China covers up Tiananmen knifing amid 60th anniversary security boost
Tweets on incident that killed two, injured 14 on Thursday were taken down, and newspapers and blogs were censored.
BEIJING – Less than two weeks from a massive celebration of China’s 60th anniversary as a Communist state, Beijing is flooded with policemen and the city is on the highest state of security alert permissible outside wartime.
But that did not stop a man going beserk with a knife yesterday evening not far from Tiananmen Square, where a huge military parade is planned for Oct. 1. He killed two people and injured 14.
So much for the massive security presence. But what is equally striking is that the public has been told practically nothing about the dramatic incident.
The state news agency Xinhua issued a terse report Thursday evening giving the man’s name, home town, and the number of his victims. On Friday it released another brief article saying he had been drunk when he went on the rampage.
No newspaper website was allowed to print anything more. Blogs and Twitter posts discussing the stabbings and adding supposed details of what happened were censored almost as soon as they went up. (The Hong Kong-based South China Morning Post, for example, reported that three men were wielding knives and that two escaped.)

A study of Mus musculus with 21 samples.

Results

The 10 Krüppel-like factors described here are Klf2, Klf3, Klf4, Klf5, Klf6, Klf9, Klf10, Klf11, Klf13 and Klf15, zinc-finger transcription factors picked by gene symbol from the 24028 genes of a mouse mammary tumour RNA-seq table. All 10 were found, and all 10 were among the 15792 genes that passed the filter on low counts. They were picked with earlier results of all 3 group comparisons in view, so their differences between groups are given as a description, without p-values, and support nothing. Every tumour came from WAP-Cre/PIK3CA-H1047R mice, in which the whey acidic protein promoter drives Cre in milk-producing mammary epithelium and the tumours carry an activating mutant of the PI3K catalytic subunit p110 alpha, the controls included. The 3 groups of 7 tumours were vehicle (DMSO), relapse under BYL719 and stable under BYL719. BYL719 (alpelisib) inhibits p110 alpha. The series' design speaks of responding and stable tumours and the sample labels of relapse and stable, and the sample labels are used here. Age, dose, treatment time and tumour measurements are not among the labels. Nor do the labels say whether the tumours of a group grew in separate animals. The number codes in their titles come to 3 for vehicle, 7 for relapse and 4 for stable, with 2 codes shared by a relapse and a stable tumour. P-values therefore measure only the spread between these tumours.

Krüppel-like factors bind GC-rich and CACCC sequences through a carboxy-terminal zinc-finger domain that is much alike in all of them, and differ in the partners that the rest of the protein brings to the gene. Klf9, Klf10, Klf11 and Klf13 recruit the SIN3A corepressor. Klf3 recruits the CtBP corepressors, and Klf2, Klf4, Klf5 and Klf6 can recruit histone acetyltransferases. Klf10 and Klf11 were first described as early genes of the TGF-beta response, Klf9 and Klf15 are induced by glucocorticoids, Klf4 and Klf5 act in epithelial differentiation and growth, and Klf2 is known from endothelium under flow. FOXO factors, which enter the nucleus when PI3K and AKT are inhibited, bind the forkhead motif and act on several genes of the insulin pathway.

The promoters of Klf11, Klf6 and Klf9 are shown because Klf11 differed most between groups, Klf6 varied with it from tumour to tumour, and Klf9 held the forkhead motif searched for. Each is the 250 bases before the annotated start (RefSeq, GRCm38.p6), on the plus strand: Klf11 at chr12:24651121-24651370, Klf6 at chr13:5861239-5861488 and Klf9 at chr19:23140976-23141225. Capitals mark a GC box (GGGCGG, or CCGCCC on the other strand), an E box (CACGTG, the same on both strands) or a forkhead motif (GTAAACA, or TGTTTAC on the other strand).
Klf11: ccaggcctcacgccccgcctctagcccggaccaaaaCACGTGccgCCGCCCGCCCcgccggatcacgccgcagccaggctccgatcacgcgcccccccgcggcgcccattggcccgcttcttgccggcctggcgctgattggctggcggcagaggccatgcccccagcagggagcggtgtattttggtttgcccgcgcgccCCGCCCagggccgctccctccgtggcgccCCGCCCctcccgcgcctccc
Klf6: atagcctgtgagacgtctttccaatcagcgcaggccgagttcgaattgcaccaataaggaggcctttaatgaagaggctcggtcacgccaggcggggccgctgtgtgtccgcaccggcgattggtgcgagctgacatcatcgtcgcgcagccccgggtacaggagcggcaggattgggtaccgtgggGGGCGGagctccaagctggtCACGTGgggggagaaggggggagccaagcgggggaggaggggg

Perhaps the authorities were embarrassed that something so dreadful could happen a few hundred yards from Tiananmen Square at a time when it was blanketed with policemen guarding preparations for a parade rehearsal due to be held throughout Friday night.
Perhaps the perpetrator had just lost his job, or suffered some other indignity that would not promote the image of harmony and peace that the government is so keen to present at the anniversary.
But perhaps, too, the massive and sudden censorship reveals something about the Chinese leadership’s idea of security – and of reality. They can’t keep people safe from an attack like this (nor can any government) but they can stop people talking about it, and it is the talking that really makes them nervous.
It is as if they think that if nobody knows what happened, it didn’t happen. But even if nobody hears a tree falling in the forest, that does not mean that it did not fall.